John Ratzenberger, best known for his roles in shows like “Cheers” and movies like “Toy Story,” has shifted his focus towards advocating for skilled labor jobs in America. In a recent interview, Ratzenberger stressed the importance of trade jobs and labor skills, which he believes are not as valued as they used to be. He expressed concerns about the lack of awareness among younger generations about basic skills like fixing things, changing a tire, or using tools, warning that this could have dire consequences for civilization.

The shortage of manufacturing and skilled labor jobs in America has reached a critical point, especially in the post-COVID-19 era. According to a report by Deloitte and the Manufacturing Institute, up to 3.8 million additional employees will be needed in the manufacturing sector between 2024 and 2033. However, only a fraction of that need may be met, with as many as 1.9 million jobs remaining unfilled if manufacturers do not address the skills and applicant gaps. Failing to fill these jobs could potentially hurt the competitiveness of the U.S. manufacturing industry on a global scale.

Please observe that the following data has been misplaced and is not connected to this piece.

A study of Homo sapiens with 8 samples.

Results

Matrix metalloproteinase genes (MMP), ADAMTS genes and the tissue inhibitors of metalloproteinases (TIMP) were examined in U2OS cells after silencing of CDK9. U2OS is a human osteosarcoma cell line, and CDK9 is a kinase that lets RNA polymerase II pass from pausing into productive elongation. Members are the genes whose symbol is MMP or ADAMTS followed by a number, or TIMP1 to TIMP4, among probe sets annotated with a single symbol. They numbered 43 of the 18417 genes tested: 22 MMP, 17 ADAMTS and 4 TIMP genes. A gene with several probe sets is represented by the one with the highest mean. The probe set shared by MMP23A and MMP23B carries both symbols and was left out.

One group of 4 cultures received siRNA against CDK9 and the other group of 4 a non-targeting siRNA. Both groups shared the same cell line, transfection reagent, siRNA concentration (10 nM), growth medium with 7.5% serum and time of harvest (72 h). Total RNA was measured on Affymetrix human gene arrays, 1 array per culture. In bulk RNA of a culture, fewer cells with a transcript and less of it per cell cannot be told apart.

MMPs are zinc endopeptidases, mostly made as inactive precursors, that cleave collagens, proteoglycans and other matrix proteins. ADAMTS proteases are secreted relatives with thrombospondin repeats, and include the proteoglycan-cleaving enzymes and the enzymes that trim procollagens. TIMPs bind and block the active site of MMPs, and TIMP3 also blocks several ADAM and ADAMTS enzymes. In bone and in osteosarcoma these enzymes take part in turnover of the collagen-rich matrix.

Ratzenberger, who was a carpenter before becoming an actor, has been warning about this labor skills shortage for the past 20 years. He has been advocating for the importance of teaching children how to use tools and acquire basic manufacturing skills. He highlighted the shift in cultural attitudes towards skilled labor, noting that in the 60s, there was a negative perception towards people who worked with their hands. He emphasized the need to elevate the dignity of skilled laborers in society, referring to them as essential workers who play a crucial role in society.

Ratzenberger attributed the decline in labor skills to the increasing conveniences of modern life, which have reduced the need for people to acquire these skills. He emphasized the importance of learning basic skills for survival, drawing comparisons to the diverse skill set required in the past for tasks like raising animals or working with leather. As part of his advocacy efforts, Ratzenberger urged universities to introduce classes that teach people how to fix things, like automotive repair classes. He encouraged individuals to take classes in manual arts colleges or high schools to learn practical skills.

In addition to advocating for labor skills, Ratzenberger recommended individuals to explore classes that teach manufacturing skills, such as boat building classes, which offer a wide range of skills from working with wood to setting up electrical wiring. He emphasized that learning these skills is not difficult and requires muscle memory. By promoting the value of skilled labor and encouraging individuals to acquire manufacturing skills, Ratzenberger aims to address the growing gap in the labor market and ensure the sustainability of the manufacturing industry in the United States.